Tropical Grasslands (2000) Volume 34, 21–37

Sown pastures in subcoastal south-eastern Queensland: pasture composition, legume persistence and cattle liveweight gain over 10 years

R.M. JONES1, C.K. McDONALD1, R.J. CLEMENTS2 and G.A. BUNCH1

1CSIRO Tropical Agriculture, Brisbane, Queensland
2ACIAR, Canberra, Australian Capital Territory, Australia

Abstract

Five tropical legumes were compared in terms of persistence, productivity and effect on cattle liveweight gain. The experimental site in sub-tropical, subhumid Queensland had a long-term average rainfall of 703 mm, but during the 10-year study the average was 530 mm and there were 4 consecutive years with below 500 mm. The site had previously supported improved pastures of buffel grass (Cenchrus ciliaris). The legumes, grown with buffel grass, were: Wynn cassia (Chamaecrista rotundifolia); siratro (Macroptilium atropurpureum); stylo — a mixture of Fitzroy and Seca shrubby stylos (Stylosanthes scabra) and fine stem stylo (S. hippocampoides), and Bargoo jointvetch (Aeschynomene falcata). Bargoo was continuously grazed at only 1 stocking rate but the other legumes had 3 or 4 continuous stocking rates ranging from 0.54–1.45 yearling heifers/ha.
There was no effect of legume species on live-weight gain. This was largely attributed to the dry years and low levels of legume, but also to the fact that the experimental site had enhanced soil nitrogen status from the previous experiment where buffel grass was grown with a productive legume or fertilised with nitrogen.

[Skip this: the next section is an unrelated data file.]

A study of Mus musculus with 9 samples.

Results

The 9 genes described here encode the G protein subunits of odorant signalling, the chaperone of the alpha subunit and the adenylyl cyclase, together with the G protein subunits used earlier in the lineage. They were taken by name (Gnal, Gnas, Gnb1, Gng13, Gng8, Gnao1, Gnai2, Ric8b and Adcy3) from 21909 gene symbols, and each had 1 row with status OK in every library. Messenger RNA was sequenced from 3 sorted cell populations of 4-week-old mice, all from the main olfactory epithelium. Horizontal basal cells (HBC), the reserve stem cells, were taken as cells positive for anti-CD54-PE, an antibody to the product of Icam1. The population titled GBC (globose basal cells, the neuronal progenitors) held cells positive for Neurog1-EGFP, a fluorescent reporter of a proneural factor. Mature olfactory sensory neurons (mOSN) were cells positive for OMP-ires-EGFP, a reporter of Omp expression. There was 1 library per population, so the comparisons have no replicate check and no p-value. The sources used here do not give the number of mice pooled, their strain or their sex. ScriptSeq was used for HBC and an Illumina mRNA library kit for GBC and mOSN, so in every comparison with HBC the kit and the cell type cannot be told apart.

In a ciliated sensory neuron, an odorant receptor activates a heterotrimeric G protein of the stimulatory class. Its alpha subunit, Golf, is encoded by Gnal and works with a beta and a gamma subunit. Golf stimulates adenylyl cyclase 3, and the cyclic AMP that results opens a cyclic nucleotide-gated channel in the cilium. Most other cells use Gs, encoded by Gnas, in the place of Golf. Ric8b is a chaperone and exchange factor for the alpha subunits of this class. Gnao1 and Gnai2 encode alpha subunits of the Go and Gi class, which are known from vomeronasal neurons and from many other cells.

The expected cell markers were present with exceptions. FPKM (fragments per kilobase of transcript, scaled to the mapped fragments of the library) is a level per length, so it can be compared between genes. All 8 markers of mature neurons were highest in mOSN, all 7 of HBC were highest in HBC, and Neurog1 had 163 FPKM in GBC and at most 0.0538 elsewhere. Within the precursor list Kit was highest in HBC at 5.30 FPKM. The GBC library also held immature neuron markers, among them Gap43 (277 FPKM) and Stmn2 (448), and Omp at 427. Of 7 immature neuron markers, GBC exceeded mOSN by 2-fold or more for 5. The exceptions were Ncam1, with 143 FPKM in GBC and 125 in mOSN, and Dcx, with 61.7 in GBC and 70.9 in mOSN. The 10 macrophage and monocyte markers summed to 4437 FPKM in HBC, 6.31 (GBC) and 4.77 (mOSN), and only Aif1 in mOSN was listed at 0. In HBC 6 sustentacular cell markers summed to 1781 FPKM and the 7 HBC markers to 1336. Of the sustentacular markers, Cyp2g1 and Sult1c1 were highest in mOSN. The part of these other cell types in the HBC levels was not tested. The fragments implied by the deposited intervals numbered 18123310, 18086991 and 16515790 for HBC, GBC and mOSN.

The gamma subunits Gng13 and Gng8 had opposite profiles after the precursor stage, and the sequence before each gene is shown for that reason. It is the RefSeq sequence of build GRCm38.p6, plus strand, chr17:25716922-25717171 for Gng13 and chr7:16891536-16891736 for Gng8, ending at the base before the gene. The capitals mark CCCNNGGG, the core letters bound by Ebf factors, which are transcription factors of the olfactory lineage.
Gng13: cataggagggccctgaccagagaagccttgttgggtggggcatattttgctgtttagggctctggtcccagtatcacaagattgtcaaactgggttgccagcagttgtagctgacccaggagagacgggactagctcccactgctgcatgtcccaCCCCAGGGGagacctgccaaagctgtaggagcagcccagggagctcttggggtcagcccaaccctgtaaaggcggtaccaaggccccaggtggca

Siratro failed to persist over the 10-year period because there was inadequate recruitment to compensate for the loss of the original plants. The original plants persisted for up to 4 years but siratro was unable to build up seed reserves, which reached a peak of only 80 seeds/m2 in one treatment in one year. Persistence of fine stem stylo, although poor, was slightly better than that of siratro as there was more seed set and seedling recruitment. Cassia plants were short-lived, very rarely surviving for 3 years, but cassia was able to persist because it set large amounts of seed in good rainfall conditions and, on some occasions, small amounts under low rainfall. Seed reserves reached a peak of > 4000 seeds/m2. Shrubby stylo and Bargoo had much better persistence of individual plants than cassia, some plants persisting for over 6 years. They were able to build up reasonable seed reserves, reaching over 1000 seeds/m2 in some years. The highest plant density of cassia, shrubby stylo and Bargoo was recorded in the last year of the experiment.
In general, stocking rate had much less effect on legume persistence than rainfall. However, grazing management can be used to assist legume persistence and control legume:grass balance. Some suggestions for management of the different legumes are given.